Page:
Mortgage costs relative to income in the United Kingdom have risen to their highest level in years.
The latest data published by mortgage lender Nationwide Building Society Friday (Jan. 13) revealed that in the final quarter of 2022, first-time buyers were spending on average 39% of their take-home pay on mortgage repayments, the highest level since 2008.
As the building society explained in its January affordability report, higher mortgage rates have been the biggest factor affecting housing affordability for potential buyers over the past year.
As Andrew Harvey, a senior economist at Nationwide commented in the report, “this trend began in earnest towards the end of 2021, with typical five-year fixed rates rising from 1.3% in late 2021 to 2.9% by mid-2022.”
But while initial raises mirrored interest rate hikes introduced by the Bank of England, Harvey said in the report that the Truss government’s mini-budget and the ensuing market turmoil it kicked off in September caused mortgage rates to surge.
“While wider financial market conditions had stabilized by the end of 2022, with market interest rates falling back towards the levels prevailing before the mini-budget, mortgage rates are taking longer to normalize,” he added, per the report.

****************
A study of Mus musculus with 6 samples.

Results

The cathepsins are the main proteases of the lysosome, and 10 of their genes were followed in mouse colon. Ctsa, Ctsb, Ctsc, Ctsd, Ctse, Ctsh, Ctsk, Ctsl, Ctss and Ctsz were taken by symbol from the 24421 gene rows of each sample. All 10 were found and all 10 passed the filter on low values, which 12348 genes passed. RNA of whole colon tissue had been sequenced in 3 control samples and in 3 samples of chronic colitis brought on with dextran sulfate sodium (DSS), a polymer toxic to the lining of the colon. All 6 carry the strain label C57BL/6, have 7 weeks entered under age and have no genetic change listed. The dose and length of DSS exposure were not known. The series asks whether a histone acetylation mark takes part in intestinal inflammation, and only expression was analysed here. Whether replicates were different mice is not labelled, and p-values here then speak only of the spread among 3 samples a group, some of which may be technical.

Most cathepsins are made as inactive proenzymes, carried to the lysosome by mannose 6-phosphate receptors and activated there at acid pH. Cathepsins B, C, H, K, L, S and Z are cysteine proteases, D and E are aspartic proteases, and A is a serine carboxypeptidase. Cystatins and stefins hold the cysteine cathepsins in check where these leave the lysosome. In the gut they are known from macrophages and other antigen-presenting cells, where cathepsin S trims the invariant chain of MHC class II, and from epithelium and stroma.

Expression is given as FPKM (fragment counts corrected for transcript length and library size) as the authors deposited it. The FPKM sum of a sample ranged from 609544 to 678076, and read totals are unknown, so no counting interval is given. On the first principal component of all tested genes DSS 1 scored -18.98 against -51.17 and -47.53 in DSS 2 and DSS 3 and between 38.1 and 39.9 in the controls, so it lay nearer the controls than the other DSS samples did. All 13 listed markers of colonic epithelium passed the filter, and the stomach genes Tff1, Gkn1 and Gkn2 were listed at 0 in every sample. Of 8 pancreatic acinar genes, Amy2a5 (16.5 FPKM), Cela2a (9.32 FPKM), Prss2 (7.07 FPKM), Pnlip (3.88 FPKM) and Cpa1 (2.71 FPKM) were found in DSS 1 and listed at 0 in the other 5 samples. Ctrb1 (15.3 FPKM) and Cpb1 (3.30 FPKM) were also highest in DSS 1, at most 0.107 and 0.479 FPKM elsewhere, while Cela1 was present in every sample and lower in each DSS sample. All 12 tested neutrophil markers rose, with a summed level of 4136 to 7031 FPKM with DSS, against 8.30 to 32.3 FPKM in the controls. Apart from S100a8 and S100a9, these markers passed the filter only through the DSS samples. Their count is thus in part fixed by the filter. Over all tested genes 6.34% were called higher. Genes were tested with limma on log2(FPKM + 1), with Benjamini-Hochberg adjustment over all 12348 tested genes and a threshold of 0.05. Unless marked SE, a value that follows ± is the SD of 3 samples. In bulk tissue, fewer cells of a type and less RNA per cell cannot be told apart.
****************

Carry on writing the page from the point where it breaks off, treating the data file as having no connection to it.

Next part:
Nationwide found London to be the part of the country where people spend the most on mortgage payments — on average nearly 70% of their take-home pay.
What’s more, there is little respite for renters. Nationwide reported that rents have been rising at their strongest pace since it started collecting data in 2005. This will make it even harder for prospective buyers to save for a mortgage deposit while still paying rent.
With mortgage repayments taking up so much of homeowners’ incomes, the U.K.’s largest lenders have agreed on measures to help struggling borrowers.
As PYMNTS has reported, support measures could include extending the terms of mortgages to make monthly payments lower, a short-term reduction in monthly payments and accepting interest-only payments for a period.